National Public Radio has a story this week on corporate diversity efforts, and Xerox wins the prize for political correctness. At Xerox, “performance reviews of senior managers include a section on how much they are doing to promote diversity” and “managers are expected to show progress toward diversity over time.”
I certainly won’t dispute that Xerox may take the corporate cake (though it is hardly alone). An Oct. 17, 2005 article in Newsweek about Xerox confirmed, “Managers are judged — and compensated — on meeting diversity goals.” Worse, the article indicates that the company’s CEO, Anne Mulcahy, was dismissive of affirmative discrimination concerns: “Tales of preferential treatment — along with numerical targets for women — might raise the ire of affirmative-action opponents. So be it. ‘If [somebody] wanted to write an editorial in the Wall Street Journal, I don’t particularly care,’ Mulcahy says.” No doubt she feels the same way about Corner items.
The discrimination can be even more blatant; the company offers, on a racially exclusive basis, “Technical Minority Scholarships” for which white students need not apply.
Sometimes, however, the bean-counting backfires, and in unexpected ways. For example, in 2003 Xerox lost an employment discrimination case before the U.S. Court of Appeals for the Fifth Circuit. At issue was the company’s “Balanced Workforce Initiative,” begun “in the 1990’s for the stated purpose of insuring that all racial and gender groups were proportionately balanced at all levels of the company.” The Houston office detected a racial imbalance, and so its general manager took steps “to remedy the disproportionate racial representation” there, “set[ting] specific racial goals for each job and grade level.” The Fifth Circuit found that “the existence of the [Balanced Workforce Initiative] is sufficient to constitute direct evidence of a form or practice of discrimination.” After all, “Xerox candidly identified explicit racial goals for each job and grade level,” and the evidence “indicate[d] that managers were evaluated on how well they complied with” the initiative’s objectives.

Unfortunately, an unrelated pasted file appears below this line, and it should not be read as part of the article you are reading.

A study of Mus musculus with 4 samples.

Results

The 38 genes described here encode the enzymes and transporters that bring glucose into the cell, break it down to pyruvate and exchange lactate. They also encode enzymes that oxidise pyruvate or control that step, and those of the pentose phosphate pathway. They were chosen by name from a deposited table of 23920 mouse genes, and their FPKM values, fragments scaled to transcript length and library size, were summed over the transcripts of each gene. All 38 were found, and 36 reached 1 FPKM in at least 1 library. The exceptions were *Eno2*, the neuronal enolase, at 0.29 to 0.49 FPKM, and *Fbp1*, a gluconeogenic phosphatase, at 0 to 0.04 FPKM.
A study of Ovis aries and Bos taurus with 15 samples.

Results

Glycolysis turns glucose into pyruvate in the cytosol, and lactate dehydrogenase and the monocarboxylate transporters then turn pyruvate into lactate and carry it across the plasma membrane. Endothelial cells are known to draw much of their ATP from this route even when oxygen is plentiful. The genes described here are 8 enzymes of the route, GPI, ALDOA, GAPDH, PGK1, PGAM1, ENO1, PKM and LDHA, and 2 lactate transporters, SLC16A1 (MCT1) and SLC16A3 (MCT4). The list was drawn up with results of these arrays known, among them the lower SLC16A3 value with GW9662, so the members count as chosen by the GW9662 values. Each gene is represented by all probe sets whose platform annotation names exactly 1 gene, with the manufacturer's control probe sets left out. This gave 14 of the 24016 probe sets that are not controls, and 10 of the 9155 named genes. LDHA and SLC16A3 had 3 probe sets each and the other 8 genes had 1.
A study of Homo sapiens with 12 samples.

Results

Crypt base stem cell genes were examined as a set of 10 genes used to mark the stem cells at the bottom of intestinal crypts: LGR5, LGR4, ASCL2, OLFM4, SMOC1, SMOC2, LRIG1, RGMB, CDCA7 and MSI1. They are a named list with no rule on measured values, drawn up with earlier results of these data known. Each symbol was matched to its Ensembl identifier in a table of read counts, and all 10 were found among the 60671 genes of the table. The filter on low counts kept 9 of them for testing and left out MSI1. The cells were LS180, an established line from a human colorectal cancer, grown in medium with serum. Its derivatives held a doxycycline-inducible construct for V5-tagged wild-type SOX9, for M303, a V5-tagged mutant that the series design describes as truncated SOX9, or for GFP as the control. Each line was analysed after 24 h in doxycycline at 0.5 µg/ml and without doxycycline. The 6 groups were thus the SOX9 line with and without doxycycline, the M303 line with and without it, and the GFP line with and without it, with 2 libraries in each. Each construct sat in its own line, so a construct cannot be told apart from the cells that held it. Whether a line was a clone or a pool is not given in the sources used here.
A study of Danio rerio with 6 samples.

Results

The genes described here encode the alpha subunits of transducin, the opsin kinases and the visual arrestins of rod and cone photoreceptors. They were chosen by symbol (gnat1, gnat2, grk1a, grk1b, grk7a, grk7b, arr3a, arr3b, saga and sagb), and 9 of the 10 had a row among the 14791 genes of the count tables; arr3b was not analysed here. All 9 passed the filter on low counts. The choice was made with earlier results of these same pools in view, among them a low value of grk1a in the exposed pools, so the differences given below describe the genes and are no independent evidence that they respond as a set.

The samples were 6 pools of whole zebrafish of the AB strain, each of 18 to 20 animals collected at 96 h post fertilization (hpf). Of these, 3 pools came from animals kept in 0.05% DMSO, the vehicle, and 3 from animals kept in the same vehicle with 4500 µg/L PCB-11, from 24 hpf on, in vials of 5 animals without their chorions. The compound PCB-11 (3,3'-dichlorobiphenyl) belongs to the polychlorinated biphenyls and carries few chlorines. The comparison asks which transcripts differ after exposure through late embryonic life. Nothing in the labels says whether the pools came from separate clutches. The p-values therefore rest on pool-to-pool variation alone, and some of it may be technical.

An appalling company policy and an excellent judicial decision. And here’s the kicker: The plaintiffs were African Americans and the company had concluded that, for the particular positions at issue, “blacks were over-represented and whites were under-represented.”
For more on corporate diversity nonsense — and why, despite all the hype, it is logically, empirically, legally, and morally unjustified — see my testimony before the EEOC three years ago. A good New Year’s Resolution for Corporate America would be just to hire the best qualified people, without regard to race, ethnicity, or sex.